Charitable gift annuities are a very flexible way to make charitable gifts to Baron Jay Foundation, providing a fixed income for life for you and/or others you choose. They are easy to create and can be funded with gifts of relatively modest amounts.
Here’s how a charitable gift annuity works:
- You transfer cash or other assets to Baron Jay Foundation. This is accomplished through the completion of a simple agreement and can normally be done by mail.
- You will receive fixed payments annually (or more frequently, if desired). The amount of your payment is a percentage of your gift at the time your gift is funded and will not change with interest rate and investment market fluctuations.
- You will be entitled to an immediate charitable income tax deduction for a portion of the amount used to fund your gift annuity, which may reduce your federal and/or state income tax.
- A part of each payment is received tax free for a period of time.
- If you would like, you can also choose to name another person (often a spouse, parent or sibling) to receive payments with you, instead of you, or following your lifetime for the remainder of his or her life.
- The assets used to fund your gift annuity will generally be removed from your estate for probate and tax purposes.
You make a tax-deductible charitable gift to Baron Jay Foundation equal to a portion of the amount used to fund your gift annuity agreement.
Charitable Gift Annuities
- More Information About Gift Annuities
- Gift Annuity Rate Table
- Questions About Charitable Gift Annuities
- Charitable Gift Annuities for Advisors
Many persons choose to fund more than one gift annuity over time. As payment rates increase with age, each gift annuity generally features larger payments.
When property such as stock, mutual funds, or other securities that have increased in value is given for a gift annuity, the charitable deduction can be based on the full value of the property, not just its original cost. Additional tax savings may be possible through the reduction, elimination or delay in reporting any long-term capital gain that might otherwise be realized if assets were sold.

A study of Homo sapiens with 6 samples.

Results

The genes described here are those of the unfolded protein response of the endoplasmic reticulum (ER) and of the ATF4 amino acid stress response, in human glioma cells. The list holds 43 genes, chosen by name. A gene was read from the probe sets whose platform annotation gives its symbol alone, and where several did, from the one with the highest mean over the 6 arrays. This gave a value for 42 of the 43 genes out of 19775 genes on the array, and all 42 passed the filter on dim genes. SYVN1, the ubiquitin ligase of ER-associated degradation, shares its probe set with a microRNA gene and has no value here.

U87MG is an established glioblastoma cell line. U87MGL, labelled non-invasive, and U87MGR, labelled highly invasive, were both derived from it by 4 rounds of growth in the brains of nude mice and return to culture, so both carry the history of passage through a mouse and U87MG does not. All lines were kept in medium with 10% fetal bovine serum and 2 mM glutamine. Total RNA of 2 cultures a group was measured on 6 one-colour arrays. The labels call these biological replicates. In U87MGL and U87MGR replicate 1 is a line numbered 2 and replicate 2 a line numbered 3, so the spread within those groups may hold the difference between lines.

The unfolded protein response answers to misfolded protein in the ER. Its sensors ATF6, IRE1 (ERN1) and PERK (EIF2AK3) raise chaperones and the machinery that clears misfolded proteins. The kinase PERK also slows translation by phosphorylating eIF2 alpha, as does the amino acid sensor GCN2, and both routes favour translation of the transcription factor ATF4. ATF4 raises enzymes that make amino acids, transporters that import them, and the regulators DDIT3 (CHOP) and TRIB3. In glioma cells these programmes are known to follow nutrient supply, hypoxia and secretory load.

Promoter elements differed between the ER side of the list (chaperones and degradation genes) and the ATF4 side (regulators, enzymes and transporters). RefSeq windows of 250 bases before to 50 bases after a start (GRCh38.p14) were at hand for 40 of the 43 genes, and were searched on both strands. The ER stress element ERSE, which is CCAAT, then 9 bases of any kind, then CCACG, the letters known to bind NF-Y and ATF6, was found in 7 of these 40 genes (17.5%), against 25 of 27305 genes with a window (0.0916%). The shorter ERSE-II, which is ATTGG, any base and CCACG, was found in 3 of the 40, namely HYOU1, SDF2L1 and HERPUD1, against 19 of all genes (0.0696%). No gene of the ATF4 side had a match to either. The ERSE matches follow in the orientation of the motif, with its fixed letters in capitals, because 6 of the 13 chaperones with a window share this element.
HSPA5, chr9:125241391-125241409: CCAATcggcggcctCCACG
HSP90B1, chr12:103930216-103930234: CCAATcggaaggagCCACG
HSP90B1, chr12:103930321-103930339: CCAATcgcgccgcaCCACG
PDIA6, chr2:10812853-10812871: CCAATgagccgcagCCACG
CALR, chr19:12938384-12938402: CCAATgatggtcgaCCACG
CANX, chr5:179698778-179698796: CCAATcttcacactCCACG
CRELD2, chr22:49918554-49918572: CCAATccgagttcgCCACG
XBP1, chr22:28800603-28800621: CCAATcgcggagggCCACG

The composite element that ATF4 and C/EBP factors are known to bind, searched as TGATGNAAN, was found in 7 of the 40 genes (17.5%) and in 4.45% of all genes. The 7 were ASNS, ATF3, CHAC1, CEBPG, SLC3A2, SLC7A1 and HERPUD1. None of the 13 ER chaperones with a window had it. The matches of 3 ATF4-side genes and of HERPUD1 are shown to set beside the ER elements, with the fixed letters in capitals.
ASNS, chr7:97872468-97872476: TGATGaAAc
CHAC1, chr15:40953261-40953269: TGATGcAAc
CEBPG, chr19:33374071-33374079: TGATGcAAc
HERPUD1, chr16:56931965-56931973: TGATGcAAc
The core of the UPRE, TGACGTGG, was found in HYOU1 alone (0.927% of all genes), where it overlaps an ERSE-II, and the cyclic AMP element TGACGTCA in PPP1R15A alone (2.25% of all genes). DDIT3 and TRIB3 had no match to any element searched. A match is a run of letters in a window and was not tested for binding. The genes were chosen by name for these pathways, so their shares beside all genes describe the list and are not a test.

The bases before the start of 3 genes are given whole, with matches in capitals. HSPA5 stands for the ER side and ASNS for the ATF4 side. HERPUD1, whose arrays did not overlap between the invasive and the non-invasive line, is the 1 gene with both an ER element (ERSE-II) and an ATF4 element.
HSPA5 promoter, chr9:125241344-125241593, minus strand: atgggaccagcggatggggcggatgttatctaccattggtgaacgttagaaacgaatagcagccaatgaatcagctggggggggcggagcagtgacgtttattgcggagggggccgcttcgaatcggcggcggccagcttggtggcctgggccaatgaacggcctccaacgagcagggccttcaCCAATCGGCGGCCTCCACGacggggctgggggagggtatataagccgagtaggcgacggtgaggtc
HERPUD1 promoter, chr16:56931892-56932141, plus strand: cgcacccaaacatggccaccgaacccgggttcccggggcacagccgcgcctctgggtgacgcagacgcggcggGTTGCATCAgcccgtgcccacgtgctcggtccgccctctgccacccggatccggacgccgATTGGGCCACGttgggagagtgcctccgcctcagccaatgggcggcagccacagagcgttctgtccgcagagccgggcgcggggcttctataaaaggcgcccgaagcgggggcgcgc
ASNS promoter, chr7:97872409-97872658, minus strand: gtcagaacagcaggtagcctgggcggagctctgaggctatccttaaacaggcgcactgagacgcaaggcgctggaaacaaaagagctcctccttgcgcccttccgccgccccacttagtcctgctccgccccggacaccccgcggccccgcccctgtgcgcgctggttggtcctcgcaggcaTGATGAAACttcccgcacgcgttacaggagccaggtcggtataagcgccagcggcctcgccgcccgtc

1. Charles Butler, age 70, will transfer assets valued at $10,000 to Baron Jay Foundation in exchange for a charitable gift annuity, which will provide payments for life.
2. The payments will be 5.1% of the gift amount annually, which is $510 per year. For the first 15.9 years, approximately $371 (about 73% of the payments) will be received income tax-free.
3. The gift will result in an immediate charitable income tax deduction of $4,099. Additionally, the $10,000 given in exchange for the annuity will not be subject to estate taxes.
4. At the end of the annuity period the amount of the gift, less the cost of making the life payments, will be used by Baron Jay Foundation to further its mission.
The assumed date of transfer for this example is August 18, 2017. This example has used the August 2017 IRC Section 7520 discount rate of 2.4% to optimize the charitable deduction.
NOTE: This calculation is provided for educational purposes only. The type of assets transferred, the actual date of the gift, and other factors may have a material effect on the amount or use of your deduction. You are advised to seek the advice of your tax advisors before implementing a gift of this type.
Example for Two People
Your rate for a one-life gift annuity at age 70 will be 5.1%
Enter age for a second person here (1/1/1940) and see the two-life rate for ages 70 and 78. Your rate for a two-life gift annuity will be 4.8% and your income tax deduction will be $3,711.
Enjoy Larger Payments that Begin Later
It is also possible to establish what is known as a “deferred gift annuity.” Using this option, your gift is completed now, and you enjoy an immediate income tax deduction for a portion of the amount donated. The payments are structured, however, to begin at least one year after the gift annuity is funded. Your tax deduction and payment rates are higher as a result. This can be an excellent way to make gifts while providing for a higher income in the future should it be needed.
See deferred gift annuities for additional information.